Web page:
Dear Miss Manners: During the opening ceremonies at my husband's graduation from a local community college, several awards and accolades were given, as well as honorary degrees bestowed.

My concern comes from the request of the presiding professor who asked us to stand and give an ovation to those receiving the honorary degrees. I have always believed standing ovations were a spontaneous reaction from the audience, not a prompted response.

I felt the request devalued the ovation, as it did not come from the heartfelt warmth and regard of the audience. Though these gentlemen were undoubtedly deserving, I would not have felt compelled to stand without the prompting of the emcee.

Are standing ovations now relegated to the same status as polite applause?

Gentle Reader: Pretty much. In the art world, it is called ovation inflation, the professional equivalent of events where all the children get trophies so nobody is rewarded for accomplishing more than anyone else.

However, Miss Manners suspects that something more than generalized cheerleading is going on here.

At a typical graduation, people applaud chiefly for the individuals they went to see being graduated. There is generally a request to hold all applause until all the diplomas have been given out, and this is generally ignored. The result is that those with the largest families out-shout everyone else, and some graduates are all but ignored.

Those who receive honorary degrees are presumably older and already established professionally, so they do not invite cheering cliques. Nor does the audience tend to get excited about anyone but their own friends and relatives.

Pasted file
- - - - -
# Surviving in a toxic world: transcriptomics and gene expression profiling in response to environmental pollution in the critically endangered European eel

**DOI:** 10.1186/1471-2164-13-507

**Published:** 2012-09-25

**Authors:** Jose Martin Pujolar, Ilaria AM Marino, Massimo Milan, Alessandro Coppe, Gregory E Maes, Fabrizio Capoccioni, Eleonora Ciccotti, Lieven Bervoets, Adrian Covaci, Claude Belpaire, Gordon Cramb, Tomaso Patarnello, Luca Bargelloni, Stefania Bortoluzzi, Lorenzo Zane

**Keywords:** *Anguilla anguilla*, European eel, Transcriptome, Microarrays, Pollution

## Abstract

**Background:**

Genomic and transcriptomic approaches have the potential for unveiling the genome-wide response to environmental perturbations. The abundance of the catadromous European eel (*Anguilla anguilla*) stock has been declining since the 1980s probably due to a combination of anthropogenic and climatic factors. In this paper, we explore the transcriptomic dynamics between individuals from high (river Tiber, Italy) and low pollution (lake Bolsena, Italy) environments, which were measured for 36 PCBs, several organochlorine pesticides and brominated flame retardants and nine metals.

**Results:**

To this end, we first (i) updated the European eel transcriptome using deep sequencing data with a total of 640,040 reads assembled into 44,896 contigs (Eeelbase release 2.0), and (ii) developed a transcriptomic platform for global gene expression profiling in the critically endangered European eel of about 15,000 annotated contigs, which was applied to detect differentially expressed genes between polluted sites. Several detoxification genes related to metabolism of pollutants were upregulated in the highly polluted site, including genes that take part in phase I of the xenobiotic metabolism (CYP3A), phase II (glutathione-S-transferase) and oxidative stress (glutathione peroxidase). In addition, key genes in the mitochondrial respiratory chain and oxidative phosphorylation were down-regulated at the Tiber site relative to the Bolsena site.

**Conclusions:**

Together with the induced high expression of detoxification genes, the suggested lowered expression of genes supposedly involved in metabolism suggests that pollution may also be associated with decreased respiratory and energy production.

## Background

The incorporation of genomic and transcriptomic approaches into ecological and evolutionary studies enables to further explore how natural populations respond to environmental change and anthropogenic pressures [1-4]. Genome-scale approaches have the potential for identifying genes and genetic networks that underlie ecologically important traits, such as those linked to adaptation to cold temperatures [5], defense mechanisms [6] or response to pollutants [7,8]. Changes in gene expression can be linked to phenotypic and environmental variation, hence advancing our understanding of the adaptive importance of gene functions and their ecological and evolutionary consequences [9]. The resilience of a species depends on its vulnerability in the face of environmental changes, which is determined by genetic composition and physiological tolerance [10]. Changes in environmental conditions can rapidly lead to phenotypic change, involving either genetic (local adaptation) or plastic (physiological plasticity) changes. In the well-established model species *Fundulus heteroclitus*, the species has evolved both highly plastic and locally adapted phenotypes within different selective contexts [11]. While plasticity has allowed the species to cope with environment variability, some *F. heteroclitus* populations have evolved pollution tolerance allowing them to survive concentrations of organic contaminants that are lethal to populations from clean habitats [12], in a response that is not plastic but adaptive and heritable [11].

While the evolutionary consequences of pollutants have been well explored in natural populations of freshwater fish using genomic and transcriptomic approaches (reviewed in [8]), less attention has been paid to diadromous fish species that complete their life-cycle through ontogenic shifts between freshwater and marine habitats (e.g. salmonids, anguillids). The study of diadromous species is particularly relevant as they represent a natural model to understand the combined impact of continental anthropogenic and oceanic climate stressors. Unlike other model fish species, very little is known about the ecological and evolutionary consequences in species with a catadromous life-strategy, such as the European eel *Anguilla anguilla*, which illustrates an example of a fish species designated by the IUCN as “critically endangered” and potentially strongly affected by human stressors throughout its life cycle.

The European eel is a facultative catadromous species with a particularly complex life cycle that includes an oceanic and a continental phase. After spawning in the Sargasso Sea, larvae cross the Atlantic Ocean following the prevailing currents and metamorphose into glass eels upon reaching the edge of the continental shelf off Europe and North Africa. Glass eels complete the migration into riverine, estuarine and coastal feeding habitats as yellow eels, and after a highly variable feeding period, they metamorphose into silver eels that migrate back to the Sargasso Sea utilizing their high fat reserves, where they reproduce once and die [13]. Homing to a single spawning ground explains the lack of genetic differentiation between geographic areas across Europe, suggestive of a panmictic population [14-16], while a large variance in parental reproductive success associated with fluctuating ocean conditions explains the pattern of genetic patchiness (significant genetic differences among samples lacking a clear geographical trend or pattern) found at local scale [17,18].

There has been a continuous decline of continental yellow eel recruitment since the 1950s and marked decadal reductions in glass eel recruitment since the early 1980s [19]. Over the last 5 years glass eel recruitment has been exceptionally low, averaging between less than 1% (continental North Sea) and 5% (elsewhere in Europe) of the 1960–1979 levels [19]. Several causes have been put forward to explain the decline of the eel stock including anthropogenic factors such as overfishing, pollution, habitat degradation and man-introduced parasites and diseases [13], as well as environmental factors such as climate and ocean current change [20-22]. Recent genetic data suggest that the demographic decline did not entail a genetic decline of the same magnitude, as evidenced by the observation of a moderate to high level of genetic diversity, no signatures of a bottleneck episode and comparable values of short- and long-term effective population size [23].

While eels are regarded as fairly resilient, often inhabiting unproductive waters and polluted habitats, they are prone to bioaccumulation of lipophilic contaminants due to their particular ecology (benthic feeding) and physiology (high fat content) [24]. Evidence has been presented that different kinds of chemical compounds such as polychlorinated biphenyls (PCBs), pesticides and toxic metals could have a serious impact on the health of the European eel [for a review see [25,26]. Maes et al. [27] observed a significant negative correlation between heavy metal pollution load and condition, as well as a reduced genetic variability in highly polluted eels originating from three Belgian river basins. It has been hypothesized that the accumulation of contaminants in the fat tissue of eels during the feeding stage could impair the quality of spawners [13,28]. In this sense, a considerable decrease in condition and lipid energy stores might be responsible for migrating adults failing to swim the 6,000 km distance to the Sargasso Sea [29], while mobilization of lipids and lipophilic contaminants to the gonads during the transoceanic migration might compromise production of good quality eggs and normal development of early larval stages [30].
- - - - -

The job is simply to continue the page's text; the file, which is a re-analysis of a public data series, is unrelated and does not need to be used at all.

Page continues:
So unless they are major celebrities, honorary degree recipients tend to be ignored. Miss Manners presumes that what you experienced was merely a clumsy attempt to compensate for that.

> Handling fans in line

Dear Miss Manners: I am a professional musician who is often called upon to sign CDs after a performance. I am happy to do this and am fortunate that, oftentimes, there are many people patiently waiting in line for their turn to have their CDs signed.

It never fails that at least one individual (or couple, and sometimes more), usually louder and more aggressive, will "break in line," very quickly, to say something to me while I'm talking to or signing the CD of the person who's been waiting in line.

It seems impossible to ignore these interlopers, but I always feel guilty giving them this attention, because it extends even more the wait period for those still in line.

Interrupters or not, these are all paying customers whom I hope to keep engaged with my music/performances. What is the best way to handle this?

Gentle Reader: Gently. You don't want these people to stop adoring you. Or the others to get out of line.

So you should turn to look the intruder full in the face and, with a regretful but pleasant expression, say, "Let me just finish with the line here and I'll be glad to talk to you."

> Gent skipped on his share

Dear Miss Manners: Yesterday, four of us ROMEOs (Retired Old Men Eating Out) had lunch out. While not wealthy, we are all comfortable.

When the check was brought to our table, the total was $60 and change, not including tip.

We agreed a tip of $3 each was reasonable, and three of us, not having smaller bills, just upped it to $5 and laid our $20 bills on the table.

The fourth fellow, seeing the bill was covered, then laid down $9 instead of his share of $18. Thus, he effectively took $6 of the tip the other three had chosen to give the waitress. Instead of the $18 or $20 she would have gotten, or the $15 we three had already placed on the table, she got $9 -- less than the $15 the three of us gave. He effectively got an $18 lunch for $9.

I was shocked but didn't know how to approach him and said nothing. What could I have done?

Gentle Reader: Did you think of saying, "No, you owe $18"? And, if he balked, slapping down the extra money yourselves and then not telling him when the next gathering will be?

Miss Manners would have thought you gentlemen old enough not to be shy about handling the business angle in a businesslike way. The lunch itself was indeed social, but the explicit rules of a regular group may be upheld frankly without embarrassment.